The government-appointed head of China's largest mosque has been murdered after conducting morning prayers, the local government in the far western region of Xinjiang has said.
State media report on Thursday that Jume Tahir, the Uighur imam of the 600-year-old Id Kah mosque in the city of Kashgar, was killed on Wednesday by "three thugs influenced by religious extremist ideology", the Xinjiang state website Tianshan said.
Police launched an all-out investigation and shot dead two of the alleged assailants while capturing the other, Tianshan said. Tianshan added Tahir's killing was "premeditated" and that the suspects intended to commit a "ruthless murder". Tahir was found dead in a pool of blood outside the mosque's prayer house, US-based Radio Free Asia reported earlier on its website.
The death comes days after possibly one of the deadliest incidents in Xinjiang in years, where rebel Muslim Uighurs have been fighting for independence.
On Monday, the government said a gang armed with knives and axes killed or injured dozens of people in Shache county near eastern Xinjiang city of Kashgar. Police returned fire, with the death toll estimated to be as high as 200. Neither Tahir's murder nor Monday's violence could be independently verified.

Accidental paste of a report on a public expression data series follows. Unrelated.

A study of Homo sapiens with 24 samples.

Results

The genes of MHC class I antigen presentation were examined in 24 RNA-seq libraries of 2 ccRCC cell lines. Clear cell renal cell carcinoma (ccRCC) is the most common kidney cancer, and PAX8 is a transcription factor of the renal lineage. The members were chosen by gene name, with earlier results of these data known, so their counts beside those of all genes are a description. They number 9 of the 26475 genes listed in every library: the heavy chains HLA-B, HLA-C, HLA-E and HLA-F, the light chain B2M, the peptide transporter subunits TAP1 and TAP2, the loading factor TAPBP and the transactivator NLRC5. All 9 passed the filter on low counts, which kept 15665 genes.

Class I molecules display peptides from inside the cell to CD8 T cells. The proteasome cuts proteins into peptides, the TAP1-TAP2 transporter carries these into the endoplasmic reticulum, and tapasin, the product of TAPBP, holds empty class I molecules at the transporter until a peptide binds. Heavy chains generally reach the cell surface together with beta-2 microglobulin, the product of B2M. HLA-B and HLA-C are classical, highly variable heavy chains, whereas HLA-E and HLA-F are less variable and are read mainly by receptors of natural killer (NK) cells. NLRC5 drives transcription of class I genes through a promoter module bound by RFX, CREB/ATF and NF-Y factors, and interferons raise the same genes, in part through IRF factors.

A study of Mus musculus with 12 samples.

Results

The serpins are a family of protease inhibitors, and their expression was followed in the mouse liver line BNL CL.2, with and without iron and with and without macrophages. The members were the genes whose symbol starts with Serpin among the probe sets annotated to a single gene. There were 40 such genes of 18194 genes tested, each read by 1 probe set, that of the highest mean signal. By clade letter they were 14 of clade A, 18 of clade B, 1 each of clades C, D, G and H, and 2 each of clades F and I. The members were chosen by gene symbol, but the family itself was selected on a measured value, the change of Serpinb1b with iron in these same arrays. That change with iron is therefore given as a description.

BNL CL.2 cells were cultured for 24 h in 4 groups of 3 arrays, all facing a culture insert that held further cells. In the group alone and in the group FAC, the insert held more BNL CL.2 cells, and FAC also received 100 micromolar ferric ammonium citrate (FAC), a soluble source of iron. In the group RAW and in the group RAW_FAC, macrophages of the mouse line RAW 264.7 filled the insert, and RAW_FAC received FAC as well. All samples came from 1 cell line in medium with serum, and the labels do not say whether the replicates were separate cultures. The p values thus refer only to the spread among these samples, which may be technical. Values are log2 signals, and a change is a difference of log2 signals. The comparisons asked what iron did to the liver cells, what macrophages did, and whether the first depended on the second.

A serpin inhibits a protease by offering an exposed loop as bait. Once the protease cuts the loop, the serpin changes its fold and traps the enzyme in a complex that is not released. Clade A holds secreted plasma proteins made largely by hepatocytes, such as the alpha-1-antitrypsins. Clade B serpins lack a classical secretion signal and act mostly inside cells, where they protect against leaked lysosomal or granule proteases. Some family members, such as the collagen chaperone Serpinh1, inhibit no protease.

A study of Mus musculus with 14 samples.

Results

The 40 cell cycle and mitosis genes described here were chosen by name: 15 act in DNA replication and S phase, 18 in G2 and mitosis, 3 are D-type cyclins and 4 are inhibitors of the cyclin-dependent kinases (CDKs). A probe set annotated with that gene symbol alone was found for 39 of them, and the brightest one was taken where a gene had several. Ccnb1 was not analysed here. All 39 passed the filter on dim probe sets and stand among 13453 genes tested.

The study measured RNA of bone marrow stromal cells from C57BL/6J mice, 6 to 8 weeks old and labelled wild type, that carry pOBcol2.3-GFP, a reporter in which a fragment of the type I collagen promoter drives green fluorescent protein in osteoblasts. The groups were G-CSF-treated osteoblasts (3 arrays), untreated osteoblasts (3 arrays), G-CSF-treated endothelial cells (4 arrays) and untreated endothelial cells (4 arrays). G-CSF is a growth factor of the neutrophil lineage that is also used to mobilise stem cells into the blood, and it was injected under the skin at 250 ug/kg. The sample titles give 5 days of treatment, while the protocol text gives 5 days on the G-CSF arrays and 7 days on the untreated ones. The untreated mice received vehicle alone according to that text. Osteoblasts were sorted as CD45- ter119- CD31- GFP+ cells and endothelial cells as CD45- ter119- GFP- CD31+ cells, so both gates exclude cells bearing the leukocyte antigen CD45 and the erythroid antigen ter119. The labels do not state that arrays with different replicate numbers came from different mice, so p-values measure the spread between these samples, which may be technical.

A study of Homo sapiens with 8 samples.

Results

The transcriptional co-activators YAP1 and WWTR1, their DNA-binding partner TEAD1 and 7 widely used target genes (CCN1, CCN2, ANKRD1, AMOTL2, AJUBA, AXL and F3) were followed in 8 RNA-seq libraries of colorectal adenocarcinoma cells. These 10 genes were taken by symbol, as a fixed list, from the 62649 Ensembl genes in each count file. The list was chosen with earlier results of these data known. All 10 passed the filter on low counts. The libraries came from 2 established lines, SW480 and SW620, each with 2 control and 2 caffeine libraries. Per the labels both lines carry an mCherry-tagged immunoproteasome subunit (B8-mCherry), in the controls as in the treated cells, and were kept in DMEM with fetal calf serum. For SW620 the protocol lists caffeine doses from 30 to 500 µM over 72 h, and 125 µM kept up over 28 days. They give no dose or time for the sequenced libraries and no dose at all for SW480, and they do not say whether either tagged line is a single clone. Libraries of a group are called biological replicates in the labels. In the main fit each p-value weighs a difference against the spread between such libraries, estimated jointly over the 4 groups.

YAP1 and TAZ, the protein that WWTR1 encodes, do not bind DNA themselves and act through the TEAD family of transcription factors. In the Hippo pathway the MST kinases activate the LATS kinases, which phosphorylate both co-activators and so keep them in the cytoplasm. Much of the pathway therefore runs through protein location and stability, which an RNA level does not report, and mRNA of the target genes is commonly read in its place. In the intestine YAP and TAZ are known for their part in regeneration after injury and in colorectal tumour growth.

Tahir's high-profile support for the government - the report referred to him as a "patriotic religious personage" - and his criticism of violence in Xinjiang likely made him a target or rebels.
The official reports identified the three suspects as Tuergong Tuerxun, Maimaiti Jiangremutila, and Nuermaimaiti Abidilimiti, the Chinese renderings of Uighur names.
The reports said the suspects attempted to resist arrest with knives and axes. The reports did not say which of the three were killed.